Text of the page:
Words have a way -- some words more than others -- of slipping and sliding around over time. Take natural, as in "natural" foods. Twenty years ago natural usually meant whole-wheat flour, sesame seed, wheat germ, nutritional yeast and organ meats.

Now, for some, natural refers simply to organically grown, perfectly ripened vegetables and fruits. Or butterfat, for that matter; squash soup for four might include four cups of heavy cream, 2 tablespoons each of oil and butter, and half a cup of swiss cheese.

And who's to say who's right? Clearly, a food can be natural in one respect, but not in another. Organically grown wheat, for instance, can still be shorn, through refinement, of vital nutrients. A fresh tomato could well have been contaminated with parathion, which decomposes by the time it reaches the consumer, but is not good for the well-being of farm workers.

Perhaps a term other than natural might be more useful. For Mahatma Gandhi the keyword was "innocent." A food is not fit to eat if it harms the body, or if its production or consumption is at anybody's expense -- including the animal kingdom and the environment itself.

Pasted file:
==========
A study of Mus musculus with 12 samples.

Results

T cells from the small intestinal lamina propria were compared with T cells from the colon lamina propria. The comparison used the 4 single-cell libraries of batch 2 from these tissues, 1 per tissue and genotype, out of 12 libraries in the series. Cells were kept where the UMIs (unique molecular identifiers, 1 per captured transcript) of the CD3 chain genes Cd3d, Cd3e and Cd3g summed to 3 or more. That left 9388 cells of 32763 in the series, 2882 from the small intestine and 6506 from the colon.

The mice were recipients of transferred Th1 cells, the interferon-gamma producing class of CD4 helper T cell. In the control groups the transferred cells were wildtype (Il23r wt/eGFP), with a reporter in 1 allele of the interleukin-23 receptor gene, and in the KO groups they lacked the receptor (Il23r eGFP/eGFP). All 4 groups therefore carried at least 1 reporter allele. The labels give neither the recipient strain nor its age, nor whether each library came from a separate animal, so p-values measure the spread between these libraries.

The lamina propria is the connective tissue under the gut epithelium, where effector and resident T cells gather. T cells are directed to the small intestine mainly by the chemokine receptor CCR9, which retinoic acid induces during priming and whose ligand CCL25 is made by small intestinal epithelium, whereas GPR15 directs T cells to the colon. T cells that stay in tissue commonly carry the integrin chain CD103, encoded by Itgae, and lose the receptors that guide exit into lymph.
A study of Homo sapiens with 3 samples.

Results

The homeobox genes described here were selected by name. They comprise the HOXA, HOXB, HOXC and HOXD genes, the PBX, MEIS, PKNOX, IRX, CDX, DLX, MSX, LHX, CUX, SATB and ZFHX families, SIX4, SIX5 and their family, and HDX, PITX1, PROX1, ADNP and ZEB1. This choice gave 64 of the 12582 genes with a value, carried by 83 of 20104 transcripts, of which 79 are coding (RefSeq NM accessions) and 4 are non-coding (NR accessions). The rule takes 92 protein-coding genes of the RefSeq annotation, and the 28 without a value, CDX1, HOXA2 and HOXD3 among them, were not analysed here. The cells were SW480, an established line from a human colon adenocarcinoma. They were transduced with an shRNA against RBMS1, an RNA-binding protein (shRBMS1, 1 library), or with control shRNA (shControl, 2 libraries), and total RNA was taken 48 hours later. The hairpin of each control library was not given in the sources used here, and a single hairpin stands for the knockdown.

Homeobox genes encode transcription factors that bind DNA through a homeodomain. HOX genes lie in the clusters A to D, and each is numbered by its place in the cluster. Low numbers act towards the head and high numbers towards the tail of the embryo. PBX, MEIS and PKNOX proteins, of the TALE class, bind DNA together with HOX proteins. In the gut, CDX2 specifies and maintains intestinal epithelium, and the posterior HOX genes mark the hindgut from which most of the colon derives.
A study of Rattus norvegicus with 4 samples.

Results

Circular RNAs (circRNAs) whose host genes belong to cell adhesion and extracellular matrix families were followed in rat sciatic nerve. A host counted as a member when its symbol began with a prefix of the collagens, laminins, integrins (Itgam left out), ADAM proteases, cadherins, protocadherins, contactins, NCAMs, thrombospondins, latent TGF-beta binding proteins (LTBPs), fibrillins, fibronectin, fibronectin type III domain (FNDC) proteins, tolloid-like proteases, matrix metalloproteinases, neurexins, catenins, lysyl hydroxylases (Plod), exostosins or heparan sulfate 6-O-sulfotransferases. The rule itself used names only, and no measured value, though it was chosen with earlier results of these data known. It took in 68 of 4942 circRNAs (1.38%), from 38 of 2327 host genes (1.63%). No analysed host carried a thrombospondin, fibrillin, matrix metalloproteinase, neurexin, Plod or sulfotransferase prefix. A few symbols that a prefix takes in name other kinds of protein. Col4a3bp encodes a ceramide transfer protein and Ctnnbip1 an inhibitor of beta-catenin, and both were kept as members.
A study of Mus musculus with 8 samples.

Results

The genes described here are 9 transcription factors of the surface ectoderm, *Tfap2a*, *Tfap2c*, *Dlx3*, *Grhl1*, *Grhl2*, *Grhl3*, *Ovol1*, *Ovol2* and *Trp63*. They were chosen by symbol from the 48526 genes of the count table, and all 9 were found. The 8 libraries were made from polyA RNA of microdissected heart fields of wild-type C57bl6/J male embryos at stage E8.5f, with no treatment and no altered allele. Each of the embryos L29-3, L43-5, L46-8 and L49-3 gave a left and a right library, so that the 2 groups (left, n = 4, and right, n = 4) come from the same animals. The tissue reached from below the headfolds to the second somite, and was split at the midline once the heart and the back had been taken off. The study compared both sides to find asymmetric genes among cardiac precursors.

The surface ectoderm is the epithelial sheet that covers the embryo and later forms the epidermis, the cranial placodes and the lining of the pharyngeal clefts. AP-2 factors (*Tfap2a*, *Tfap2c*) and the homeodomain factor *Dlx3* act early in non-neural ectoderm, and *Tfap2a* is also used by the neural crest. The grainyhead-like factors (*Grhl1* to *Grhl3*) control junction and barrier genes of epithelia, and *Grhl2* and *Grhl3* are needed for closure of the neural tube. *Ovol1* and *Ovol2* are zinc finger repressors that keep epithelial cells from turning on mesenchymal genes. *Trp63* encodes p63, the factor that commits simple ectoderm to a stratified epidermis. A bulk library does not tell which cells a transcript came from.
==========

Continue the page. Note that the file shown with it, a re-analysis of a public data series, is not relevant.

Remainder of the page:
Vegetarian food, then, is innocent -- whole grain cereals and breads and locally grown, seasonal vegetables.

Here, the mealy sweetness of winter squash is a great foil for the sharp, "clean" flavor of greens in Golden Squash and Greens, and Cabbage Kuchen is a traditional German recipe -- unusual, highly satisfying.

GOLDEN SQUASH AND GREENS

(4 to 6 servings)

1 large butternut or other winter squash (about 2 pounds)

4 cups chopped kale

1/2 cup chopped scallions

1 tablespoon oil

2 tablespoons buttermilk

1 tablespoon mayonnaise

1 1/2 tablespoons lemon juice

1/2 teaspoon dill weed

1/4 teaspoon paprika

1 teaspoon salt

1/2 cup cottage cheese

Quarter squash and remove seeds. Steam or bake til soft. Peel and mash. You should have 2 cups mashed squash.

Steam kale to desired tenderness (some people would say 5 minutes, some 1/2 hour -- go by your preference). Saute' onions in oil in a small pan.

Combine buttermilk, mayonnaise, lemon juice, dill weed, paprika, salt, and cottage cheese in a blender; blend until smooth. Stir into onions and combine with squash and kale.

CABBAGE KUCHEN

(6 servings)

FOR THE TOPPING:

2 onions

4 cups shredded cabbage

2 tablespoons oil or butter

1 cup yogurt

2 eggs, beaten (can omit 1 yolk)

1/2 teaspoon salt

1/8 teaspoon black pepper

1 tablespoon caraway seed

FOR THE DOUGH:

2 cups whole-wheat flour

2 teaspoons baking powder

1/2 teaspoon salt

1 egg, beaten

1 cup skim milk

2 tablespoons oil

For topping, slice onions thinly and saute' with cabbage in oil. Mix in yogurt, eggs, salt, pepper, and caraway seed.

Sift together flour, baking powder and salt. Combine egg, milk, and oil and stir briefly into dry ingredients. Spread in a greased 8-by-8-inch pan. Spread with topping and bake for 35 minutes at 375 degrees.